Sunday lunch was typically a very nice meal in my home growing up. At least, that's how I remember it (a roast with carrots and potatoes comes to mind). The food wasn't always fancy, but we ate from nice dishes, used my mom's special green stemware, and the food was put into pretty serving bowls. My mom had two sets of "nice dishes". One pattern was of little blue flowers with scalloped edges, and the other was rimmed with a design of honey-colored wheat. The blue flowers were my favorite, but I preferred the wheat dishes on Sundays because they matched the glasses better.
I try to do the same thing in our home on Sundays. We typically don't eat out even during the week, but it's particularly important to us to be home together in the (relative) peace of our house on the Lord's Day. Blair has a chance to wind down from leading worship and spend a few moments with Noah. I try to have as much prepared the night before as possible, leaving minimal work in the kitchen once we get home (after all, I have a two-year-old used to eating at noon). We sing the Doxology as our blessing and wait to see just how long Noah will last at the table before it's time to excuse him to his play.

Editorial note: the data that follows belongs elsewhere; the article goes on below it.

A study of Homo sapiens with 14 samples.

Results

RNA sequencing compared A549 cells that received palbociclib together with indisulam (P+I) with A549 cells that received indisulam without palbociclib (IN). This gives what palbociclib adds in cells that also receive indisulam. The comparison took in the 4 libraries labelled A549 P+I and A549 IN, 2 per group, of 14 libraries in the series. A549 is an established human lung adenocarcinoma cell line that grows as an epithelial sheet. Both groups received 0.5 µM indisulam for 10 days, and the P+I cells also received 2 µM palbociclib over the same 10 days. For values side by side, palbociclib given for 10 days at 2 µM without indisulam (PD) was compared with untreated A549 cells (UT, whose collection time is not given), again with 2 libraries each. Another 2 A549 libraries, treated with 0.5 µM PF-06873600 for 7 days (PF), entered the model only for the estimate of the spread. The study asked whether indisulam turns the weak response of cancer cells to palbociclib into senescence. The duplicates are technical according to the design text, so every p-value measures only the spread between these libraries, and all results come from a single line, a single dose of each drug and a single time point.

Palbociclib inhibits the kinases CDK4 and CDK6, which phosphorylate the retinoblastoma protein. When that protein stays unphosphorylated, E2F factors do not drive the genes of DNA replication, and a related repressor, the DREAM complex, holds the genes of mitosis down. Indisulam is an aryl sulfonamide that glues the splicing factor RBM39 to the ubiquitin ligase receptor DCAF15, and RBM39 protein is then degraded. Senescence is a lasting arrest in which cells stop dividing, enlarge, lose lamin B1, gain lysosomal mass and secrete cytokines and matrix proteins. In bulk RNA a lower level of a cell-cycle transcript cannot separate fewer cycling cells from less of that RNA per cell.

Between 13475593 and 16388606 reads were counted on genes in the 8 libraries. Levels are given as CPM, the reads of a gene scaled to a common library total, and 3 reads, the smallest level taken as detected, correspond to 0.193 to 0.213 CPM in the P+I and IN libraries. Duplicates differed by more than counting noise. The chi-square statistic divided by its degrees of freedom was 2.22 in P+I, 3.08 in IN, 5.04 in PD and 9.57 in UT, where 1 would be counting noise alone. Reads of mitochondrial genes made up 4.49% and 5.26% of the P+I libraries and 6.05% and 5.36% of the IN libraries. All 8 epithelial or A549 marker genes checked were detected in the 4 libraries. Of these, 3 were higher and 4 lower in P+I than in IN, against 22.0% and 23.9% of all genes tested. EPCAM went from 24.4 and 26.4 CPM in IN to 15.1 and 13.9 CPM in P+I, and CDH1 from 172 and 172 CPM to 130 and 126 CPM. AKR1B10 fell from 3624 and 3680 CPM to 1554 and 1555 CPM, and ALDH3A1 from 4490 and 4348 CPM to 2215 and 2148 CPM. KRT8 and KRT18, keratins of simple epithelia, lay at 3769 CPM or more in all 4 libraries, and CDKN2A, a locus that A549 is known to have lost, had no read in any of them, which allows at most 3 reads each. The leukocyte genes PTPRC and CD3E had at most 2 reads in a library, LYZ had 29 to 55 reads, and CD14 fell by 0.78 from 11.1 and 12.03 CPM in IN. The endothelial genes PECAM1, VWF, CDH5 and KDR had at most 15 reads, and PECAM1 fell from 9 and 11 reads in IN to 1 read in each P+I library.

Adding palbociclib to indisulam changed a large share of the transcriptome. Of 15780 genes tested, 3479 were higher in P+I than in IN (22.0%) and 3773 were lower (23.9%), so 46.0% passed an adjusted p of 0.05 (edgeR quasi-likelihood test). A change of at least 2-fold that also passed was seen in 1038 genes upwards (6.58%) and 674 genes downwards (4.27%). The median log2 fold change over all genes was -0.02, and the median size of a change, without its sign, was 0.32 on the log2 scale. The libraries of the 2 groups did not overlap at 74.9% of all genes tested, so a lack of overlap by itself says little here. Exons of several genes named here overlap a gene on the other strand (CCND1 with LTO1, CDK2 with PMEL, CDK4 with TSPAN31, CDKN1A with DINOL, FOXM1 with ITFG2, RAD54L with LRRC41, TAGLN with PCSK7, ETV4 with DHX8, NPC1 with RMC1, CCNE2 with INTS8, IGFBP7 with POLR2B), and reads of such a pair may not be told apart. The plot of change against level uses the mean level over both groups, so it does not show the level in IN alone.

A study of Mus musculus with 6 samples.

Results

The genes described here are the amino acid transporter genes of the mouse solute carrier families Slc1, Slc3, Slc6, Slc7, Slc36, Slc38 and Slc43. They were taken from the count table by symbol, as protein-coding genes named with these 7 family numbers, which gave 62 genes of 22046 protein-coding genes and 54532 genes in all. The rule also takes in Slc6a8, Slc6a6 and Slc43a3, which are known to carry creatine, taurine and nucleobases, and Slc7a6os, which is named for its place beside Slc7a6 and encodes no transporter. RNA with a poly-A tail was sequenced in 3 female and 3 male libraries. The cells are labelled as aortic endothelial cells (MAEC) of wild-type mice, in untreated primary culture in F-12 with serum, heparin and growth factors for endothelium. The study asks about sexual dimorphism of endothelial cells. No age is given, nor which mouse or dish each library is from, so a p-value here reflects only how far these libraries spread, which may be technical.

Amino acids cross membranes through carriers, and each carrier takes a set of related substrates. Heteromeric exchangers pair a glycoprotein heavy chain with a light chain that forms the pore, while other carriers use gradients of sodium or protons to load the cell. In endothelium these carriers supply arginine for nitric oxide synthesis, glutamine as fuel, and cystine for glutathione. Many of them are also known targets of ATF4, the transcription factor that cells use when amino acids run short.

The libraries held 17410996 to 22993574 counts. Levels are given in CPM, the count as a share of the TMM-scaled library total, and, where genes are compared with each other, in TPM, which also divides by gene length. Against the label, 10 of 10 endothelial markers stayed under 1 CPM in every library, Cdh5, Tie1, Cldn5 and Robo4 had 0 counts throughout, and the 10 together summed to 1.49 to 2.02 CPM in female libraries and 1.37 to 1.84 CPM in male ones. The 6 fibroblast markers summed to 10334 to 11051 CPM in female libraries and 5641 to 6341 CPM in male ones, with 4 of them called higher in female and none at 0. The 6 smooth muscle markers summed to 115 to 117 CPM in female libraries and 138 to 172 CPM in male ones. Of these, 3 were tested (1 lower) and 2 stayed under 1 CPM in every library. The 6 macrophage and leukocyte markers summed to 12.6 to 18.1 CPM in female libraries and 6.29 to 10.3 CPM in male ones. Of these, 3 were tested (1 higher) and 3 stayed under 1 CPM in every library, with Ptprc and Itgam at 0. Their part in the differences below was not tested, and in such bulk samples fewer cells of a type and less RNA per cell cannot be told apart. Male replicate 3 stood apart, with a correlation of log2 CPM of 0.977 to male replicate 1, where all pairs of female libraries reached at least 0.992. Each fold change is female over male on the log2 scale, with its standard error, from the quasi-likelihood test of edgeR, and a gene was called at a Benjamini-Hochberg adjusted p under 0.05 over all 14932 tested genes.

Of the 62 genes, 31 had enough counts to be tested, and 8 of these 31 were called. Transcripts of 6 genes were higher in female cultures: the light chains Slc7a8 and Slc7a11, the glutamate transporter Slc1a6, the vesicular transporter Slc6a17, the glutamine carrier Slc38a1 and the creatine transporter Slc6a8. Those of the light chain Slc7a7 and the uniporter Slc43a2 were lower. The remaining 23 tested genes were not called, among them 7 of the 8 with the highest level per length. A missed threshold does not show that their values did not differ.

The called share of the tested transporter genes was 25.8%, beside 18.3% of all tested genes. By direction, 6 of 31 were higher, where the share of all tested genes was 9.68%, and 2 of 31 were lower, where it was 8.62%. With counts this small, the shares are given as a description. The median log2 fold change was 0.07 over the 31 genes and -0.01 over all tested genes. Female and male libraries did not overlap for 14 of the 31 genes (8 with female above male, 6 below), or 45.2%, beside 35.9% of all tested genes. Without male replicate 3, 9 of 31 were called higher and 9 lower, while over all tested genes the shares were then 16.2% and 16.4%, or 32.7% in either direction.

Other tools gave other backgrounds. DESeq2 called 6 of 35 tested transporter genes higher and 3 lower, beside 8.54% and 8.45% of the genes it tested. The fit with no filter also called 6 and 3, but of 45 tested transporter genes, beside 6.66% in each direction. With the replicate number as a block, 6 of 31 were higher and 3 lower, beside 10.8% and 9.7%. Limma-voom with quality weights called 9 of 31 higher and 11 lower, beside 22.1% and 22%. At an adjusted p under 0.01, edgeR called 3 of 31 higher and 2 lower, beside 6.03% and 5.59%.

Yesterday, I served mac and cheese (homemade, of course), peas (my mother would have served green beans), yellow squash, potato salad (with homemade pickles), and rolls. There were leftover apple cinnamon muffins from breakfast for anyone in need of a sweet (Mr. Noah), and plenty of leftovers to send with my darling to work for his lunch today. There was something about the dried onion in the mac and cheese that made me think of Grandma Cook, although she would have put them on green beans, and I found myself wishing I'd made mashed potatoes and deviled eggs in place of the potato salad. Potato salad is just too summery, and yesterday felt like Autumn (I'll enjoy it while it lasts).
Sunday lunch is a tradition dear to me (and to Blair), and I hope that one day it will come to mean as much to my little ones as they grow up as it did to me in childhood.